Coquihalla flooding, provided by Flickr

The recent storm has brought devastation and loss on the east coast of British Columbia. People are displaced, and there are massive food shortages and property damage across the province. Through this climate crisis, some UBCO students have been thrown into precarious situations at the end of the midterm break. I spoke to two UBCO students who have been stuck in the Lower Mainland and Vancouver about their current situations and how it is now affecting their academic life.

The first student, who wishes to remain anonymous, was in Victoria and tried to go back to Kelowna on Sunday, November 14th. They got stuck in Abbotsford with a damaged car. They soon ended up in a hotel, and their mother was able to find someone for the student to stay with for the next night. The main road was completely blocked off and they lost power and their water supply. On Wednesday, November 17th, they managed to find a way back into Vancouver and to Victoria to be with their family. They did not expect to be back for at least a week at the point of contact (Wednesday, November 17th) as gas stations were empty and they were running out of money--so they could not purchase a flight. The majority of this student’s professors were understanding and accommodating and gave 3–5-day extensions. Unfortunately, two of their professors did not have such an accommodating response. One gave only a 24 hour extension and insisted that a quiz had to be done that day whilst the student was still in crisis. Moreover, the other professor and TA’s were unresponsive for two days at the time, which the student noted to be new, as before the storm, communication had been relatively quick. The precarious and stressful nature of the situation forced the student into accepting zeros on assignments and they are therefore compromising their grades.

Marco Adriko is a second-year political science and humanities student from Uganda. At the time of the storm, he was in Vancouver. He was anxious when the situation called for him to remain in Vancouver because of his large workload coming down to the end of the semester. He was able to seek accommodation with the friend he was staying with at the time, which lessened some of the stress that came with the situation, as he did not have to spend extra on hotel and transportation fees. He was also lent a laptop so that he could catch up on some of the work he was missing. Additionally, he credits his family members for being a strong support system, providing guidance, solace, and encouragement as they all planned his return to campus. As an international student, the idea of being stuck in an unfamiliar place can be especially terrifying. Marco noted he would not have had so little stressors if he had not planned to have a good food and transportation budget, as well as emergency funds that carried him through the extra days he had to stay. His main concern was figuring out how to get back to campus. Unlike the professors of the first student, Marco’s professors were highly accommodating and understanding, and he was given extensions and encouragement. Not surprisingly, he had some work to catch up on upon his return, but it was not as overwhelming as he had imagined because of the support he had received.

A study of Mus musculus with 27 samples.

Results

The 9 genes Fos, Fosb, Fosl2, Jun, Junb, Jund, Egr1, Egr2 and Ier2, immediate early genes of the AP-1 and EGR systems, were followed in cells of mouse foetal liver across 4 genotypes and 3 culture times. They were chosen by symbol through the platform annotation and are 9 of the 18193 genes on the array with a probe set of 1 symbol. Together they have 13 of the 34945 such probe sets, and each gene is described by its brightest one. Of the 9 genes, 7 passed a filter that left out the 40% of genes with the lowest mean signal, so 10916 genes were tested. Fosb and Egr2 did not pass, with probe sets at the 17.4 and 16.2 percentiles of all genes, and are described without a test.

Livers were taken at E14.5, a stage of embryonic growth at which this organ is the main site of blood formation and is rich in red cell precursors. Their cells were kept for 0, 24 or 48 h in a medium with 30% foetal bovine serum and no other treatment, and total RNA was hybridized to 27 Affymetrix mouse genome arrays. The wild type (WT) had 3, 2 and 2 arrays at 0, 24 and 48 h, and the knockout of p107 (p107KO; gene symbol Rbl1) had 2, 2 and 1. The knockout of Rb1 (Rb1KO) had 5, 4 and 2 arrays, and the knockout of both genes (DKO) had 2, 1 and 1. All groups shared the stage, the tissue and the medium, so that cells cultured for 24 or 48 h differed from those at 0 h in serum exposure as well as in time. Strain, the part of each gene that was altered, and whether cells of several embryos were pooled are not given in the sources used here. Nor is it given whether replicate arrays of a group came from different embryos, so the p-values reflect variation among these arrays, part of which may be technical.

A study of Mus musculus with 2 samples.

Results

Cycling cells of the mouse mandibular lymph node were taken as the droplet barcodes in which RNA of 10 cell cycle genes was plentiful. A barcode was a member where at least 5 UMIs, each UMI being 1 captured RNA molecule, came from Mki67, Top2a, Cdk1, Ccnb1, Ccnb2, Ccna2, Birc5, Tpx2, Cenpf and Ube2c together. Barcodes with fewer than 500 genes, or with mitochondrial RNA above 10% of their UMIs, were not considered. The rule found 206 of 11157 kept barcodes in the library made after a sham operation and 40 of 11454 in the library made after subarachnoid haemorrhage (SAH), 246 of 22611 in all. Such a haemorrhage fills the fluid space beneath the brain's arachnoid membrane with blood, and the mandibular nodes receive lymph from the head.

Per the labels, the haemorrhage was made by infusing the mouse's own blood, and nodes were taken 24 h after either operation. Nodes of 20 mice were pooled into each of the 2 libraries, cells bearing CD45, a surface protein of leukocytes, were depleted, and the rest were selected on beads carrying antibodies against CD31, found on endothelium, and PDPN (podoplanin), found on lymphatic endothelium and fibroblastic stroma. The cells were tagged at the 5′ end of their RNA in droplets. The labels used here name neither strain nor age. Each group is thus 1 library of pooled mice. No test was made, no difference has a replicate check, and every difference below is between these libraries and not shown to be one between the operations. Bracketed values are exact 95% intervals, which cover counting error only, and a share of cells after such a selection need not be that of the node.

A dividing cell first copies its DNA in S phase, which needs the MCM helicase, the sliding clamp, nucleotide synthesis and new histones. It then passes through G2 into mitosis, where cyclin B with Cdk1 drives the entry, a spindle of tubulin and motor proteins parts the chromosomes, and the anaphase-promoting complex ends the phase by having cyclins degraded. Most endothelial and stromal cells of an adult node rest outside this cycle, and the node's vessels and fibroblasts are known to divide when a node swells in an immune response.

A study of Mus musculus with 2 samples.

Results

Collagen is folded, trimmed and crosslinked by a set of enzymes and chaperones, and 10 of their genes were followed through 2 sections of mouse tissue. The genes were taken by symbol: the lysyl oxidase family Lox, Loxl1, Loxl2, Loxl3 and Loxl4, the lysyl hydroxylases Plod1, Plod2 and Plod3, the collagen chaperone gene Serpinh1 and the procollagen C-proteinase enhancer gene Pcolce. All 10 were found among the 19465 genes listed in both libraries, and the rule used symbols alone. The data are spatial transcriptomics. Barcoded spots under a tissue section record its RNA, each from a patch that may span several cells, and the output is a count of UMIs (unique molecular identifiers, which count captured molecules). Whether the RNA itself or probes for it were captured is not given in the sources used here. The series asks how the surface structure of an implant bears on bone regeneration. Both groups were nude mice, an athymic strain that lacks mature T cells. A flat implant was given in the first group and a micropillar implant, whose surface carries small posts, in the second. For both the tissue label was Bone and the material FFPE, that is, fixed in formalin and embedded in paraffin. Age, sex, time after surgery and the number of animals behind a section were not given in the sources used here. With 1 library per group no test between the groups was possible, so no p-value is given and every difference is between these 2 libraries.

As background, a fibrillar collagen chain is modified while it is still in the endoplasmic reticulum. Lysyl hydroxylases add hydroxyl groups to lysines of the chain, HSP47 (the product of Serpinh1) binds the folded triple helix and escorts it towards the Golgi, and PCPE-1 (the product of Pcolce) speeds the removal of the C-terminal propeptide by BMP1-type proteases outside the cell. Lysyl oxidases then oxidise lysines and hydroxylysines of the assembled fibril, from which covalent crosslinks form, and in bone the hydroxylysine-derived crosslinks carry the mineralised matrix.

We asked other students on our social media whether they or someone they knew had been affected by the recent flooding, and most students said yes. Students cited other issues like food insecurity, something many of us in Kelowna can relate to now that food shelves are bare. One student lamented about having to order a kid’s meal from Dairy Queen just to get fruit and milk. Another vegetarian student said the sudden transition to frozen foods from fresh produce has severely hampered their energy levels, physical wellness, and productivity. If you are experiencing food insecurity, please visit the Pantry for help. UBCO is also offering emergency financial support for students affected by the flooding. 

Evidently, many UBCO students are struggling in the final stretch of the semester in a variety of ways. From battling food insecurity, physical isolation, property damage, and academic hits, this storm and the ever-worsening climate change has made the end of this semester unimaginably difficult. Luckily there are many professors that are willing to accommodate and support students. However, there are also many professors who are rigid, unaccommodating, and act like the schedule is set in stone when they are the ones who have made it in the first place. Support can make a world of a difference for how students are able to respond to natural disasters like this flooding. The last thing people need while facing physical isolation, food shortages, and power outages is a lab due at 11:59pm.